Sole custody is one of the most misunderstood custody arrangements (partly because it is less common than joint custody). Many clients misuse the term when they come to speak to us for the first time.
Whether you’re the one seeking sole custody or your spouse is, it’s important to understand what that term means and what is involved in establishing it.
What does sole custody mean?
To understand sole custody, you have to understand the different parental rights that exist within any given custody arrangement.
The first term you need to know is “primary conservator.” This status goes to the parent the child lives with the majority of the time. You can be the primary conservator without having sole custody, because you can still be “primary” even if your ex-spouse has custody some of the time. In fact, primary conservatorship is what most people mean when they refer to sole custody.
The second is “legal custody.” This is the right to make decisions for the child, including educational, religious, and medical decisions. Legal custody does not touch on where the child lives or when the child spends time with either parent. It is very rare for a parent to receive sole legal custody.
The third term is parenting time or visitation. That is time the child spends with either parent. A parent with sole custody may still need to grant the other parent visitation time.
“Sole custody” typically means you have both primary conservatorship status over your child and that you are the only one with the legal right to make decisions for your child. It may also mean the other parent has visitation time, but must have that time supervised by an approved third party in order to keep the child safe.
When should you seek sole custody?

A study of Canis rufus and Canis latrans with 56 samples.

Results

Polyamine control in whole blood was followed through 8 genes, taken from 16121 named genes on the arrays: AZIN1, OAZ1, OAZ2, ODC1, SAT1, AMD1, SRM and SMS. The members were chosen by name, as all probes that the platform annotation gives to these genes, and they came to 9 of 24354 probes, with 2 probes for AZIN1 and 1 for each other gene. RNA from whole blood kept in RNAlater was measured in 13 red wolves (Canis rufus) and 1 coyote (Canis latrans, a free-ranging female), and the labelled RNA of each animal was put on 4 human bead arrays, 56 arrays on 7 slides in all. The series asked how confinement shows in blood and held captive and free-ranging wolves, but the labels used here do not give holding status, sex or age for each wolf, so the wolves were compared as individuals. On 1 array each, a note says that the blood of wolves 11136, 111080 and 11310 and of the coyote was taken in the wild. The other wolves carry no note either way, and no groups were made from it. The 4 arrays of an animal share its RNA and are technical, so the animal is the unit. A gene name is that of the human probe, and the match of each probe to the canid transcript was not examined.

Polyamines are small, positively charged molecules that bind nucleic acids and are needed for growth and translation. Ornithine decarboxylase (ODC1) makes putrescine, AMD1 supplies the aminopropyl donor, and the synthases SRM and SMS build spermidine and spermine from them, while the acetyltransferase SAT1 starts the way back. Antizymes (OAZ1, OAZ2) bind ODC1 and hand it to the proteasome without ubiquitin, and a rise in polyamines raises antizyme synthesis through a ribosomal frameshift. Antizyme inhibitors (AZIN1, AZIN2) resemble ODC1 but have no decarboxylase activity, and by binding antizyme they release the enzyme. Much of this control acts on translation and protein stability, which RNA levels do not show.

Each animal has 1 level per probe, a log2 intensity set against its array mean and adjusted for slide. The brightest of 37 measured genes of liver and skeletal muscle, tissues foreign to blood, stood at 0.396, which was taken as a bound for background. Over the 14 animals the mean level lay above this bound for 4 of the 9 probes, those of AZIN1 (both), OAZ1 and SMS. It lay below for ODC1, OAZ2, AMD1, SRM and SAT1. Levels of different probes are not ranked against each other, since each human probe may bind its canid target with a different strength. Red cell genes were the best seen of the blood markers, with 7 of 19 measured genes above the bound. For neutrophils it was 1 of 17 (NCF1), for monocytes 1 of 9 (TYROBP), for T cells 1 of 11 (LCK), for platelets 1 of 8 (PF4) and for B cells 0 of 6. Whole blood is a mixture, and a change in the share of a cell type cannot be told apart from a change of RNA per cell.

Pursuing sole custody takes a lot of time, resources, and evidence. It only makes sense to do so when you can prove the other parent has abused or neglected the child, or can prove the other parent has a substance-abuse problem, or can prove the other parent has a severe and untreated mental illness that threatens the life and wellbeing of your child. You also may be able to seek sole custody if the other parent has abandoned the marriage, or if the other parent is incarcerated.
If none of the above is an issue, you can and perhaps should focus on becoming the primary conservator (if that is what you want to do), and you do that mainly by demonstrating your involvement in your child’s life. Even then, you should keep in mind that courts are going to want to keep the other parent’s time as close to 50% is as physically feasible for your family.
How does sole custody impact child support and parenting time?
If the other parent has less than 40% time with the child then he or she most likely will pay the full child support amount. If the other parent has more than 40% time then the child support amount typically would be prorated: the courts take what you’d pay and what the other parent would pay, and then one parent pays the other the difference.
Resist the urge to accuse the other parent of wanting more time because of child support issues. It’s counterproductive, and that money will go to the child one way or the other. It’s better to focus on creating a schedule that’s feasible for both parents.
Need to explore sole custody?
As we mentioned, there are good, legitimate instances in which seeking sole custody makes sense. If you’re facing one of those scenarios you will need help making your case before the court.
Contact Evans Family Law Group today to get started.